GCSE Exam Preparation: Facts & Interesting Ideas

Expert advice and interesting facts

Interesting facts and tips

  • Keep on top of things: Just letting a little thing slip can have a knock on effect throughout your prep. Plan what needs to be done, make a list and stick to it, if you miss something just go back to it.
  • Try studying with friends who are taking the same subject. If one of you is better in a certain subject you can help each other out, don’t be embarrassed to admit you need their help. You want to pass so take help from wherever you can get it! This strategy doesn’t always work…and some friends will be better study partners than others!

  • Play: Remember to take some time out and enjoy what you are doing - just make sure the balance is right!!!

  • When should I start revision? It is recommended that you start your prep no later than 6 weeks prior to the exam. You will need to start studying subjects you find a little harder first to get more study time in.

  • Know the content of your GCSE. You can go to the exam board for your course and find out what the content will be, don’t waste time revising material not required. The most common are Edexcel, OCR and AQA.

  • Try not to stress: if you find things are getting on top of you, don’t let the stress build up. There are lots of things you can do to de-stress; you may want to talk with friends or family about what is bothering you - ‘a problem shared…’ Meditation is also good to unclutter your brain and get you back on track. Exercise is a great de-stressor!

  • Tutor: If you know you need good results in certain subjects to move into the career you have a chosen,  KalliKids strongly recommends the use of a Tutor, especially if you struggle in the subject. Never be embarrassed to ask for help, especially if it means you will achieve your goals!

  • Do you have all the notes you need to revise? If you have missed some classes you may be missing notes to revise from. Check with your teacher or try the BBC’s Bitesize site.

  • Old exam papers: you can get hold of old papers to give you a feel of what the exam will be like - this does not mean the questions will be on your paper!!

  • What about during the exam? Plan you time, Read all the questions through first, leave enough time at the end to check your work and decide which questions you will answer before ploughing straight into the first one.

  • Oh and don’t forget to go to classes!

How to pick an exam prep tutor

A good tutor will be able to guide you and your child through exam prep and subject matter, spot areas of weakness and be able to use techniques that make the subject clearer as well as helping you and your child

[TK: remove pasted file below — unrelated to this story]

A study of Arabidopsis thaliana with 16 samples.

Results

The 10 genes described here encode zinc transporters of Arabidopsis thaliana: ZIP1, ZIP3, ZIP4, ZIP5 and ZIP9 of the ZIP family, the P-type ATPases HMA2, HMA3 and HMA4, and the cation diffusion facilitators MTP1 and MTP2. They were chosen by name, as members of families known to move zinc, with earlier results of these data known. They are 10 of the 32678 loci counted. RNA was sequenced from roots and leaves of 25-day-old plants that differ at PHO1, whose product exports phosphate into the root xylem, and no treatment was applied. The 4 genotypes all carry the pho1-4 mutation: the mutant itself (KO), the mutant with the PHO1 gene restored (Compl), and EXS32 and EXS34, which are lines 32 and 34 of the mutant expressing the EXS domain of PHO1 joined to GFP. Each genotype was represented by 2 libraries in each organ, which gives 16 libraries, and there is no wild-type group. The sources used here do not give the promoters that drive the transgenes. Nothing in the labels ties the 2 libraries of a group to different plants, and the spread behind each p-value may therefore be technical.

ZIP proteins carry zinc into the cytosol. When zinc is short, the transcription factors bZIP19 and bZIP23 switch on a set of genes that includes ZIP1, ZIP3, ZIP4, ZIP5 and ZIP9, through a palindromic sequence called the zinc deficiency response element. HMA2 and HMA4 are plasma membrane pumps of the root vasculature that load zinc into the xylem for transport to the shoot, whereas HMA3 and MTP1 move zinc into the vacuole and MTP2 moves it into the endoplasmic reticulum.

prepare for the exam.

When choosing on a tutor for your child you may wish to consider the following:

  • Has the tutor been recommended to you, or perhaps they are KalliKids accredited?
  • Do you need to provide stationery or equipment? Do these need to be purchased before the lessons start?

  • Are there any text books that you need to order or pay for in advance?

National associations

There are three examination boards accredited by Ofqual. These are:

AQA – One of the leading providers of GCSEs and A Levels. Used by most secondary schools and colleges in the UK.

Edexcel – Considered the UK’s largest awarding organisations, they offer both academic and vocational qualifications and testing to schools and colleges.

OCR (Oxford Cambridge and RSA Examinations) – Over 13,000 centres choose OCR for their A Levels and GCSEs.



In secondary schools, GCSE courses are taken in a wide variety of subjects. Students usually decide which subjects to study when they are in Year 9 (age 13-14). Typically a student will take between eight and ten subjects, but this can vary.

GCSEs are compulsory in the core subjects and are usually taken by 14–16 year old students.

Qualifications of tutors

There is no minimum qualification required to tutor at home in the UK at present, however we would recommend you ask to see copies of qualifications held.

Learning from the activity

Exam time can be very stressful for children and young adults, especially if a chosen career path requires good results in a subject they find challenging. The use of a tutor at this time will give them the tools required to do the best they possibly can, whilst building their confidence for the exam.

Interesting articles

Exam Preparation tips.

How to prepare for an exam.


Mr Bean Prepares for his Exam!

Advice from a psychologist about dealing with stress and anxiety around exam time and why cramming is not a good idea.